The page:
Around the Web

The Physics Delusion: The Economist reported on the “largest-ever scientific study of [religion]” (their words not mine). The story begins at CERN labs, where scientists are going to use the “Large Hadron Collinder” to find “The God Particle.” The plot meanders for a while, but then things pick up again when the scientists tells a group of undergrads about the ghost of a dead graduate student. [Thanks to Arts & Letters Daily for finding this gem].

Photography without Weeping: The NY Times published this article on the rising trend of poverty tours in major third world cities. [In order to access NYT articles, you need a free account].

The (not so) Secret Lives of Faculty: Another NY Times article- this one on growing trend of faculty profiles on social networking websites. The article talks with faculty who have myspace and facebook profiles as well as some professors who have participated on “Professors Strike Back,” a MTV online forum for faculty to respond to student critiques from the now-infamous

National Geographic reported that the world crunch for oil is starting to put more pressure on voluntarily isolated Amazonian indigenous groups.

Tenure, cont.: A couple weeks ago, I mentioned that there was going to be a Hollywood movie about tenure. did a feature piece on Tenure and the genre of the professor movie.

Oldies but Goods: Material World pointed readers to an article by David Wengrow (available here) on the “Prehistories of Commodity Branding.”

Speaking of Material Culture… Here is a cute article on Slate about the Death and Life of the Phonebook. The author casually mentions near the end of the first page that there is no scholarly monograph to date on the subject. Any takers?

Deep Play: Casey O’Donnell at Remixing Anthropology asks What would ethnography look like if it were a video game?

Classic Comedy: Who doesn’t love a kitchy t-shirt? Plus, I feel like it’s one of the tamer physical anthropology jokes.

[Update: Please do send suggestions for the weekly roundup to  Suggestions certainly make writing a roundup easier.]

8 thoughts on “Around the Web

  1. this feature is becoming more inane each week! From links to fictional movies about professors to articles about msn chats and now more links to articles about mtv and myspace…is this really the best of what’s available online about anthropology? And may I ask, why did it not seem important to include links to things anthropologists might actually want to read about – such as the AAA submission deadline?

    Or, if you just want to include news and blog updates, at least include links to relevant and pertinent articles. For instance, this week alone, the Seattle Times published an article about a recent anthropological study of homelessness. Also, the Wall Street Journal had a deeply interesting and problematic article just two days ago about an anthropologist from the University of Utah studying genes as “human history”. And, again in the same week, the UK’s Time Online published a lengthy piece on circumcision, in which anthropologists were framed as largely reducing circumcision to identity politics.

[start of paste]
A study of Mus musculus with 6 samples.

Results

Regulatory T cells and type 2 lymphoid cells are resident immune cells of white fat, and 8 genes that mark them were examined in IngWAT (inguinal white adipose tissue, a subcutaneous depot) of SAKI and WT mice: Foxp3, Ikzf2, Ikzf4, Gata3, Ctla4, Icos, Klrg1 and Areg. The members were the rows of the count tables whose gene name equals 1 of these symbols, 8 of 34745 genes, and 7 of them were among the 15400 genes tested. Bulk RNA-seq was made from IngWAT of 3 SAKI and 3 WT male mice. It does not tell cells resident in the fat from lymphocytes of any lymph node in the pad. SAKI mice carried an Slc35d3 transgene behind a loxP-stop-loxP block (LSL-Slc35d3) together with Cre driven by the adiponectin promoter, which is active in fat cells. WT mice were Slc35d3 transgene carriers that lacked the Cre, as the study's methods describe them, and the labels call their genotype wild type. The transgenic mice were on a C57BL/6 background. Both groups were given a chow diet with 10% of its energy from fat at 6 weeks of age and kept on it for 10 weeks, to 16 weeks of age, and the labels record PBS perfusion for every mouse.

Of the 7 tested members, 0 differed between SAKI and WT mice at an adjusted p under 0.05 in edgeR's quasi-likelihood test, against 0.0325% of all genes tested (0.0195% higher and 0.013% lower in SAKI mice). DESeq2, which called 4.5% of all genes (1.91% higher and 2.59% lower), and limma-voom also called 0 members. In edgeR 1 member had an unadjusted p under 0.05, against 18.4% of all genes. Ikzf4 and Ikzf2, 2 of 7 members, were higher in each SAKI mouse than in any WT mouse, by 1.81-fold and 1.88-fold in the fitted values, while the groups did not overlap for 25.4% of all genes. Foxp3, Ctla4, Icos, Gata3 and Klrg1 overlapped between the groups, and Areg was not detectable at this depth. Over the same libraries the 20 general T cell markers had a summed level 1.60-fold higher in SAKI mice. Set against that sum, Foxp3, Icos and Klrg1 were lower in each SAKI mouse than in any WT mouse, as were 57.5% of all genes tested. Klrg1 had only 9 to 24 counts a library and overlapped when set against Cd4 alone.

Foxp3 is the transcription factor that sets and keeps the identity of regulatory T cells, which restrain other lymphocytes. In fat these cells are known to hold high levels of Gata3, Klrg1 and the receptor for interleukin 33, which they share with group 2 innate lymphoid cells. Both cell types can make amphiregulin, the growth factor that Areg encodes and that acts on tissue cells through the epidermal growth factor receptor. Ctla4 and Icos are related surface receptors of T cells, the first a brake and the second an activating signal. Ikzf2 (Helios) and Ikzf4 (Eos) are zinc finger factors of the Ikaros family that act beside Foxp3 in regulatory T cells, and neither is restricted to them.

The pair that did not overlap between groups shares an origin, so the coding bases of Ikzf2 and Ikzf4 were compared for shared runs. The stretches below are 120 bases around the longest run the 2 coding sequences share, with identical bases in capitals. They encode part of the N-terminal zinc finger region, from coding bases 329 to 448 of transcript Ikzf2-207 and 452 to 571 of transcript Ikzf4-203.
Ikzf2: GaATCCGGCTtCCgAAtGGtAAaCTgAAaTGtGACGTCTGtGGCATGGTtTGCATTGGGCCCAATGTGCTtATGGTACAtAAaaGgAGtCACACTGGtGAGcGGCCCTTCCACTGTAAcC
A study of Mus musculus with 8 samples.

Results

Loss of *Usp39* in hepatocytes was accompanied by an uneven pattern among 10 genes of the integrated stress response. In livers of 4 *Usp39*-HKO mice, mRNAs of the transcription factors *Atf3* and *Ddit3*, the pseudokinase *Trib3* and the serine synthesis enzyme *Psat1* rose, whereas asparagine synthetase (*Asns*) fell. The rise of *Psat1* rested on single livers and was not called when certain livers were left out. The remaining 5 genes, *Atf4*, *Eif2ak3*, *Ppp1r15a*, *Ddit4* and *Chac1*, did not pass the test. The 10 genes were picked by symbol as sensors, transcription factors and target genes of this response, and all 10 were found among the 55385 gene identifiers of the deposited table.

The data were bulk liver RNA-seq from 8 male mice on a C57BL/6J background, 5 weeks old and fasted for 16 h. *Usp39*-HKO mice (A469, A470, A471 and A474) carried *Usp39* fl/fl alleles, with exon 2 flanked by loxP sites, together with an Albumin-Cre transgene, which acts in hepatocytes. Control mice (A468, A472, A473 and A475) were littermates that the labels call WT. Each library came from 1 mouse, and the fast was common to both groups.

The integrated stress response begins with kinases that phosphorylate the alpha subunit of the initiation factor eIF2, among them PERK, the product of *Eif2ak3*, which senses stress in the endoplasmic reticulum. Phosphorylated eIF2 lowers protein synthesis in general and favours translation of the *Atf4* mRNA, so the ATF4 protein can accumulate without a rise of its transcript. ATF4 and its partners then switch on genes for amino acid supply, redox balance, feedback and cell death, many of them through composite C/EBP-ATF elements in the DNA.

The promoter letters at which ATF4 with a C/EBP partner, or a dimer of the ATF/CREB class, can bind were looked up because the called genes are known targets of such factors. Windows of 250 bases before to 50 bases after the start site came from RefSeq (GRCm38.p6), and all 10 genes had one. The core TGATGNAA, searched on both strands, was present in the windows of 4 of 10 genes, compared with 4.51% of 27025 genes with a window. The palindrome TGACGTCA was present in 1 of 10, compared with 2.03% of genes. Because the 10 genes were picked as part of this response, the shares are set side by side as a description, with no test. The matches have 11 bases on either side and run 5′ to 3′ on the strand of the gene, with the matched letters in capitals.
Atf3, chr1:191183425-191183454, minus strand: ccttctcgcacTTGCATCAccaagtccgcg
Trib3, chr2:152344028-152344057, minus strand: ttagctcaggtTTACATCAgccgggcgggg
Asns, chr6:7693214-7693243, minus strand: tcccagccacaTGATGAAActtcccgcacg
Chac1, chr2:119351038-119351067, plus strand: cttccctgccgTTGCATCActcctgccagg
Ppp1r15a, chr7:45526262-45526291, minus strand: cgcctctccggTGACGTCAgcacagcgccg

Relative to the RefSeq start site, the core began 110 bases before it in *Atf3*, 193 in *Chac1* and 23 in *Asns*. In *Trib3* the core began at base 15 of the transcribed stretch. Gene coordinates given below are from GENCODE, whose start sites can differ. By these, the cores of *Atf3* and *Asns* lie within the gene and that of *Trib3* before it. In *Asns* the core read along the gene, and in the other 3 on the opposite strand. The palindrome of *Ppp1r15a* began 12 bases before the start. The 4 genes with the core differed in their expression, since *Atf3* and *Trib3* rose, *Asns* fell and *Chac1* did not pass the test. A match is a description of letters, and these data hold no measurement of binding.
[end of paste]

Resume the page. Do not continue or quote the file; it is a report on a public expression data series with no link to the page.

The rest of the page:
Notably, these are just three of the many noteworthy articles circulating online that don’t appear anywhere on your list. However, my point is not that your list in faulty because it lacks relevant links, but because it seems to be aimed at a diluted, superficial, and frankly unintellectual version of academic discourse. sorry, but neither msn chats nor social networking sites seems worthy of such extended attention, especially when there is substantial material out there that is worth noting!

  2. THe comments on Savage Minds are becoming more inane each week! From ranting about savage minds as if it were some kind of institution to complaining that its too much like a blog … is this really the best of what’s available in the anthropological blogging community? And may I ask, why did it seem OK to rant about the failings of the above roundup when Jay has, on numerous occasions, proffered his e-mail address for readers to submit suggestions for posts to be included in the weekly roundup.

  3. Narnia,

    I hear parts of your critique. Certainly my tone was a little more irreverent than usual. And not everything gets included. But I take issue with the charge that social networking websites and msn chats are not substantial.

    And thanks to Kerim for reminding me to include an email address where you can send suggestions for future editions.

  4. narnia: or, you could post some of those links here yourself, via comments, if you want! then no pesky emailing!

  5. The standard ’round up’ of anthropology in the news is here:
    and has been for far longer than this blog has been around.

    I don’t think there is actually a place where you can go to find Serious And Problematic Discussion Of Whether Anthropology Is Doing Its Job As An Activist Discipline in current affairs. If you’d like to start one I think that would be great.

    Failing that, however, I do think we should start a new policy that when these ‘around the web’ posts come up, people leave additional links in the comments rather than emailing them to Jay. Then everyone could use SM as their soap box.

    So let’s get started — Narnia, could you post the links to those stories rather than describing them for us?

  6. @Kerim, I personally like the mix. The mix not only allows those “outside” to come in, but also those “inside” to come out, as it were. Social networking and MSN are definitely worth attention, and it is often thanks to SM that this becomes evident.